Ukrainian President Volodymyr Zelensky addressed the House of Commons in a landmark videolink address and vowed to fight President Vladimar Putin’s Russian forces “whatever the costs” on Tuesday.

Echoing Winston Churchill’s famous World War Two speech, Zelensky pledged to fight Putin’s troops “in the forests, in the fields, on the shores, in the streets”. And in a spellbinding address, he added, “We will not give up, and we will not lose. We will fight to the end in the sea, in the air. We will fight for our land, whatever the costs. We will fight in the forests, in the fields, on the shores, in the streets.”

Zelensky appealed to the British Government to keep the Ukrainian skies safe, thanked MPs for their support and called for more sanctions against Putin. 

Prime Minister Boris Johnson undertook to employ “diplomatic, humanitarian and economic” methods until Putin fails and Ukraine is “free once more”.

Zelensky also addressed the Conference of Presidents of Major American Jewish Organisations and described the Russian invasion as “pure Nazism” during the week, recalling strikes near Babyn Yar and Uman, a holy place for Charedi Orthodox Jews.

Ukraine’s Ambassador to the US, Oksana Markarova, recalled former Israeli prime minister Golda Meir, who was born in Kyiv. 

“It would be great to have her now with us,” she said. “I think she would help a lot in this great fight.”

William Daroff, CEO of the Conference of Presidents, welcomed Zelensky’s appeal.

“We stand shoulder-to-shoulder with our Ukrainian brothers and sisters praying for peace and continued US leadership to end the conflict,” he said.

Interior Minister Ayelet Shaked announced that Israel will host 25,000 citizens of Ukraine and confirmed that Israel would absorb 100,000 Ukrainians fleeing the fighting within the Law of Return. 

Two weeks into hostilities and there was outrage yesterday when a maternity and children’s ward was destroyed in an air strike on a hospital in Mariupol. There are reports of many dead and injured, with children buried in rubble. “The destruction is colossal,” the city council stated. 

The Vatican has offered to be an intermediary in the midst of the escalation of attacks. And it attacked Putin’s forces for the hospital attack.

Vatican’s Secretary of State, Cardinal Pietro Parolin, told reporters: “Bombing a hospital is unacceptable. There are no reasons, there are no motivations, to do this.”

Over recent days Russia has backtracked on various humanitarian ceasefire agreements while the EU and global leaders continue to ramp up sanctions in a bid to halt Putin’s actions.

Chabad shlichim in Kharkiv, meantime, are counting their blessings after a mix up saved the lives of 18 Jews escaping war-torn Ukraine.

Chabad’s stroke of luck made headline news and was a rare moment of hope in the escalating crisis.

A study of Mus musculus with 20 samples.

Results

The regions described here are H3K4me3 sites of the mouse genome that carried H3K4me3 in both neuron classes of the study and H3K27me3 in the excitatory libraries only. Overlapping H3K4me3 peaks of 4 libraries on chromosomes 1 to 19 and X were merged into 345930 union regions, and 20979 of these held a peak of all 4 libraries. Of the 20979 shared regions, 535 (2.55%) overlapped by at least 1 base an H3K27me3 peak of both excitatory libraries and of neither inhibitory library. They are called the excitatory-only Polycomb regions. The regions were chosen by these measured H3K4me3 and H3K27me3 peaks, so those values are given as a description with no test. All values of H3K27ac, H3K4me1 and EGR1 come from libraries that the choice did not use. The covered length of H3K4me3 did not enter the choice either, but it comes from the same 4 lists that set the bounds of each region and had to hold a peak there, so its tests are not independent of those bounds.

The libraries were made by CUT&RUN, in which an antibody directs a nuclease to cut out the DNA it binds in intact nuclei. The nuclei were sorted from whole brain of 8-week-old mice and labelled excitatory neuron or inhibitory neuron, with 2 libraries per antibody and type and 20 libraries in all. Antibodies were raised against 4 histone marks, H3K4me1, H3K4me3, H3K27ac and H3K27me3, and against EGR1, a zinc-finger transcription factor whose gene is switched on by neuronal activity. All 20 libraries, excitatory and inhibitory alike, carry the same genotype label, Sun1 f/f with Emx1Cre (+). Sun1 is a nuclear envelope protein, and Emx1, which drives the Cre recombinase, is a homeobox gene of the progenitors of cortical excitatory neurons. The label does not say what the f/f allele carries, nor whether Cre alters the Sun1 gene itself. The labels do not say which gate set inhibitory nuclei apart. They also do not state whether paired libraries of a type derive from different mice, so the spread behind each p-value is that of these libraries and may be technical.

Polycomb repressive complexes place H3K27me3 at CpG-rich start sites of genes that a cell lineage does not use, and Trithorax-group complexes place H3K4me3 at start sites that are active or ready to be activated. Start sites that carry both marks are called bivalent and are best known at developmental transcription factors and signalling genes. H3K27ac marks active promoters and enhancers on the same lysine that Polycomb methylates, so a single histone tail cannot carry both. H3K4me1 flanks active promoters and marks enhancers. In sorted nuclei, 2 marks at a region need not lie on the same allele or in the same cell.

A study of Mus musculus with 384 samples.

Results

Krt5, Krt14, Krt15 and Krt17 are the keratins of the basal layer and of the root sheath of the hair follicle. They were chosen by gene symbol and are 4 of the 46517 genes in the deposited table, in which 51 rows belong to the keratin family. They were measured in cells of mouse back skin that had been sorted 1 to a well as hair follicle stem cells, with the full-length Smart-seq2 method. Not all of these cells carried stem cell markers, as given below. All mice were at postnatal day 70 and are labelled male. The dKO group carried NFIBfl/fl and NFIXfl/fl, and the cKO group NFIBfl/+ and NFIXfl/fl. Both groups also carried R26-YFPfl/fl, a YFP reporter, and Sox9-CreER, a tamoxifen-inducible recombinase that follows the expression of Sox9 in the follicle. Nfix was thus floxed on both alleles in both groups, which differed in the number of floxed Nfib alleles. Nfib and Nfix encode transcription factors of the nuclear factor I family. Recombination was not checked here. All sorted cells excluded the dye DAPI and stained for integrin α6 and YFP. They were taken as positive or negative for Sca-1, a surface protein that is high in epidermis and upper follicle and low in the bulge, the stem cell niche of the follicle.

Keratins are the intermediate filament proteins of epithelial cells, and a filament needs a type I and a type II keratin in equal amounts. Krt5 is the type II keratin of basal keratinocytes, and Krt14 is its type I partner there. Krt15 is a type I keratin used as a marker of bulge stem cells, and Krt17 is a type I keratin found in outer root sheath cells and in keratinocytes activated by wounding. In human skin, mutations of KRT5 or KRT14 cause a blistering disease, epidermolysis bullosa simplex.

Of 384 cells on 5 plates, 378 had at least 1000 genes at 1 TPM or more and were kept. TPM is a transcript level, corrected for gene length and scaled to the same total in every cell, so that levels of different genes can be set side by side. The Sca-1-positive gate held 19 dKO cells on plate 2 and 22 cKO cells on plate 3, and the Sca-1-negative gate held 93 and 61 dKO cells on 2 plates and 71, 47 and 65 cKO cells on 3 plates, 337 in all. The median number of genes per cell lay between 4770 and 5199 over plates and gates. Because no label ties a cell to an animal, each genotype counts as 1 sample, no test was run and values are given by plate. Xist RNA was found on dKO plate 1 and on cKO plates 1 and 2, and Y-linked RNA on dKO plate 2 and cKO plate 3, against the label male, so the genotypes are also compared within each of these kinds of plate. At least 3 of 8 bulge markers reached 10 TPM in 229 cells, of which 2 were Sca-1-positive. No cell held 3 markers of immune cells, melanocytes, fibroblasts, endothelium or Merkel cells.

Two groups of Jews were due flee Kharkiv on Monday and Tuesday, the second group of 18 living in the same building in the city. Fortuitously the group departed 24 hours earlier by mistake. 

Russian forces destroyed the building when they would have been inside on Tuesday.

Chabad is central to Jewish life in Ukraine providing food shelter and medical supplies to Jews remaining. They are transporting and caring for thousands who have left the country.

Prime Minister Naftali Bennett heard first hand from Chabad-Lubavitch rabbis leading the rescue of the Jews of Ukraine as the humanitarian crisis in the country grows.

Bennett met virtually with leaders as Israel prepares for a surge of Ukrainian Jewish refugees.

Ukraine is home to an estimated 350,000 Jews across the country.

Chabad leaders participating in the virtual meeting included Rabbis Sholom Gopin and Pinchas Vishedski working with Jewish refugees in Romania, Chief Rabbi of Dnipro, Rabbi Shmuel Kamineski, whose Menorah Centre is based in Ukraine, Rabbi Yosef Wolff, of Kherson and Chabad-affiliated Federation of Jewish Communities coordinating rescue efforts. 

Chand command centres are established in Ukraine, Israel and New York.

Two weeks ago, 200 Chabad emissary families were leading Chabad centres in 35 cities. Most centres have now been converted to shelters, crisis centres and terminals where 30,000 refugees have travelled to Moldova, Slovakia, Romania and Poland. 

Most refugees are from cities including Kharkov, Sumy, Chernigev and Kiev.

Chabad leaders anticipate that it will take decades for life in Ukraine to return to normal with homes and communities destroyed. 

Relief organisers are exploring investing $500,000 for buses to transport Jews over the border.

Transportation and food costs for refugees is currently estimated to be around $3 million.

Once over the border, refugees are met by Chabad emissaries and aid organisations to assist in accommodation, kosher food and resettlement.

Chabad emissaries have rented two hotels in Romania to assist communities.

Last Shabbat, Chabad Budapest hosted refugees, thousands were hosted in Moldova and Romania.

And Rabbi Kamineski attended a barmitzvah at the Golden Rose Synagogue in Dnipro on Monday in a celebratory moment of normality.

Dnipro, formerly Dnepropetrovsk, is a historic place in Jewish history. 

Rabbi Levi Yitzchak Schneerson, father of the Rebbe, Rabbi Menachem M. Schneerson, was chief rabbi between 1908-1939. The Rebbe grew up in the city, then call Yekaterinoslav.